Google’s new Pixel 8 and Pixel 8 Pro sport some impressive new features. Audio Magic Eraser lets you reduce distracting sounds like wind, traffic, and talking in videos; Best Take combines the “best” faces from multiple group shots into one final product; and Magic Editor harnesses the power of AI to do things like quickly resize and reposition a subject in your photo.
These are all interesting new options for anyone who picks up one of these phones, but it’s not the most exciting thing about them: The best news of all concerning Pixel 8 and Pixel 8 Pro is how long Google plans to support them.
Google will support Pixel 8 and Pixel 8 Pro for seven years
Last year’s Pixel 7 and 7 Pro, for example, have guaranteed software updates until 2025. That’s only three years of support, or four major versions of Android. That’s dreadful, especially for the 7 Pro, which started at $899. You essentially pay $300 a year. It’s the same for the Pixel Fold, which is even worse, seeing as it starts at $1,799. That’s like paying $600 a year.
It’s not like things are much better in other parts of the Android marketplace. Samsung made news last year for upping its guaranteed software support to four years. Starting with the Galaxy S21, Samsung buyers can assume their smartphones will run five major versions of OneUI (Samsung’s version of Android). OnePlus followed suit, but only for a select number of its flagship smartphones.
While the public might have accepted this sort of thing when smartphone tech was in its infancy, it’s a bunch of BS these days. Smartphones are powerful, and have been for years. Your iPhone 4S might’ve slowed to a crawl after a few years of updates, but the iPhone 12 can run iOS 17 like a champ. These devices can handle more than three or four years of updates: It just comes down to whether their manufacturers want to support them that long.
The small silver lining here has been security updates: Most Android OEMs add at least another year of security support on top of the software support, so users can continue using their smartphones safely even after the Android updates dry up. Google and Samsung, for example, have been offering five years of security updates: Your Pixel 7 might not run Android 17, but it will still receive security updates until Android 19 launches.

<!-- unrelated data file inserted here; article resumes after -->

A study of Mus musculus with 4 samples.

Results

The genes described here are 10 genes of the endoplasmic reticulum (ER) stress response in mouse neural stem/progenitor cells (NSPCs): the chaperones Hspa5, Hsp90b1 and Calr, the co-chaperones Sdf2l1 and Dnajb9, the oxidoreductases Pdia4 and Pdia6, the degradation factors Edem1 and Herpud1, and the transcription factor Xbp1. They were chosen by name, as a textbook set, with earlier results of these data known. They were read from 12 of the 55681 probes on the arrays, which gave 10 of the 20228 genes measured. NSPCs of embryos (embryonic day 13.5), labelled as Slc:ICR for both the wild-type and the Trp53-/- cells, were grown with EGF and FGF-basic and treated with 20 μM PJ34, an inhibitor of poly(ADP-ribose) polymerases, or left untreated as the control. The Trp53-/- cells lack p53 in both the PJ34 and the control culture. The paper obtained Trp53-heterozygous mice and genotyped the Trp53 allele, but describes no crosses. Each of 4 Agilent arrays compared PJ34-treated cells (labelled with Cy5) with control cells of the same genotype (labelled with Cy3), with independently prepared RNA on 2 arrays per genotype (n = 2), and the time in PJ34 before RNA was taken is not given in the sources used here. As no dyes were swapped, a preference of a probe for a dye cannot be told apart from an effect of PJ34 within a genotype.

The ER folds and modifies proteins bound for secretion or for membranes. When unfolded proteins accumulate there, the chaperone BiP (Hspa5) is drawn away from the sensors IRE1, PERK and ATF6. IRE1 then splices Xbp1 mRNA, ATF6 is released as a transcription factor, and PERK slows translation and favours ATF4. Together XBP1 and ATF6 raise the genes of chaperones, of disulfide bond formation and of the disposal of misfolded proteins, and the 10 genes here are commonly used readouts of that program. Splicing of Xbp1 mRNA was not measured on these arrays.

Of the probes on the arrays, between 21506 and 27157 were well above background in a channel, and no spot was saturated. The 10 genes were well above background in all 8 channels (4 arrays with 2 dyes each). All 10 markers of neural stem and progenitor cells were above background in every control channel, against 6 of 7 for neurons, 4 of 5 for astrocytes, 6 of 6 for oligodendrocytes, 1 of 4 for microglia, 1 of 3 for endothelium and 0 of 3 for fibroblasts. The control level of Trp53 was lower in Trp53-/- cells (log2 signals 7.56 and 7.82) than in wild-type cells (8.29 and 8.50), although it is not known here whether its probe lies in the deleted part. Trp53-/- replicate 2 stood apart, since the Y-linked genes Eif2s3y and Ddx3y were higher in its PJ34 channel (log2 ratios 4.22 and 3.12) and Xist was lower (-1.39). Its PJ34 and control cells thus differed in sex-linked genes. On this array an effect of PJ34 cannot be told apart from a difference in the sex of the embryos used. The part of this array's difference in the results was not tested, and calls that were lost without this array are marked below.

Once again, it’s Google vs. Apple
Of course, the Pixel 8 and Pixel 8 Pro change all of that. Now, your phone is supported with software and security updates until 2030. Until now, that type of smartphone support was Apple’s domain, and Google’s coming for their crown: The company supported 2017’s iPhone 8, 8 Plus, and X for five years, or six major versions of iOS, dropping support by the time iOS 17 launched. The iPhone 6S received six years of software support, or seven iOS iterations before Apple dropped support. Notably, all these iPhones still receive security updates. Even the iPhone 5S, which launched in 2013, received a security update this past January.
If Apple wants to match Google here, it needs to support the iPhone XS until at least 2025. If it wants to be the king of smartphone software support, it’ll need to bump that up to 2026. Time will tell whether the XS supports iOS 18, iOS 19, or iOS 20.
Until then, we know where the Pixel 8 and 8 Pro stand. If you buy one, you can sit back and relax knowing your smartphone will be supported until Spain, Portugal, and Morocco co-host the World Cup. It likely will be missing features Google keeps exclusive to the Pixel 9, 10, 11, 12, 13, 14, and 15, but you’ll still see Android updates in your Settings app all the same.